Puerto Rican activist was sought in Conn. robbery

HORMIGUEROS, Puerto Rico -- A Puerto Rican nationalist leader wanted in the 1983 robbery of an armored truck in Connecticut died during an FBI stakeout, ending his 15-year hideout that made him a hero to the island's radical independence activists.

The FBI found the body of Filiberto Ojeda Rios, 72, in a farmhouse in the western town of Hormigueros, Police Chief Pedro Toledo said. A gun battle occurred as FBI agents closed in to arrest Ojeda Rios on Friday, but Toledo said he did not know how Ojeda Rios died.

A law enforcement agent, speaking on condition of anonymity, and Hector Pesquera, president of the Hostosiano independence movement, said Friday that Ojeda Rios was shot and killed.

The FBI called the office of Puerto Rico's governor, Anibal Acevedo Vila, yesterday to report Ojeda Rios's death, Toledo said.

FBI spokesman Louis Feliciano refused to comment on Toledo's remarks. Earlier yesterday, the FBI had said it did not know whether Ojeda Rios was alive. The FBI said agents arrested Ojedo Rios's wife, Elma Rosado Barbosa, who was unharmed.

Ojeda Rios had been on the run since 1990, when he cut off an electronic monitoring bracelet and went into hiding while awaiting trial for the robbery of $7.2 million from the Wells Fargo depot in West Hartford.

The robbery is considered domestic terrorism, because the money was used to fund activities by the Puerto Rican nationalist Macheteros, or Cane Cutters. Only about $80,000 has been recovered.

The Macheteros also asserted they used the money to buy presents for impoverished Hispanic children in the United States and Puerto Rico. After the robbery, gifts from anonymous senders turned up in several Hispanic neighborhoods.

Although Puerto Ricans have argued for decades about their island's relationship with the United States, most were unified in criticizing the FBI's handling of the stakeout.

Independence activists hailed Ojeda Rios as a martyr whose death would unify their splintered and marginalized movement.

''I always said that when they went to arrest him, they would have to kill him," said Juan Mari Bras, a veteran independence leader. ''I am proud of his heroism and his valor."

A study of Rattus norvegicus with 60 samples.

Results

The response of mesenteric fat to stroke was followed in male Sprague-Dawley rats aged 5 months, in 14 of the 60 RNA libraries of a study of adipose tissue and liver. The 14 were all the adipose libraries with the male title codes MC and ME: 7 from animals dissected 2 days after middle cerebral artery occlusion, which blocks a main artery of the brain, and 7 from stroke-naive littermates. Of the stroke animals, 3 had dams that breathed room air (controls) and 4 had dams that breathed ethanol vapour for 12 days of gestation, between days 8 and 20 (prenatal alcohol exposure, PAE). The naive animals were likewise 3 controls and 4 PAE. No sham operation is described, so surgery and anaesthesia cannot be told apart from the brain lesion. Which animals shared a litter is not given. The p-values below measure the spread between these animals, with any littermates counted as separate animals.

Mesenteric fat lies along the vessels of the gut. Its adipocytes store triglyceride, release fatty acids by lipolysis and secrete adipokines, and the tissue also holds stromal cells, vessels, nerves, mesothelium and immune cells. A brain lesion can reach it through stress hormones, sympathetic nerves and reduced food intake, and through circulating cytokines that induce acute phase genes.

The Independence Party's president, Ruben Berrios, a critic of the violent tactics of the Macheteros, called Ojeda Rios's death a tragedy and condemned the FBI's actions.

''This tramples on the dignity of the Puerto Rican people," Berrios said at a news conference.

The robbery became the most notorious act by the Macheteros, who have been largely inactive for more than a decade. The group also took credit for the 1981 bombing of 11 military planes at a US National Guard base in Puerto Rico. Two Marines were killed.

Acevedo Vila, who supports keeping Puerto Rico's status as a US commonwealth, criticized the FBI for not disclosing the stakeout. Members of the prostatehood New Progressive party also criticized the FBI for its silence.

''I energetically demand that federal authorities end the silence they have maintained," the governor said.

Ojeda Rios was one of four men still wanted for the Wells Fargo robbery. He was released on bail in 1988 after about three years in prison awaiting trial in Connecticut. While in hiding, he was convicted in 1992 on charges of robbery, conspiracy, and transportation of stolen money, and he was sentenced to 55 years in prison.

The FBI is also offering a $1 million reward for information leading to the capture of Victor Manuel Gerena, a former Wells Fargo guard who allegedly injected two other guards with a sleeping substance to facilitate the robbery.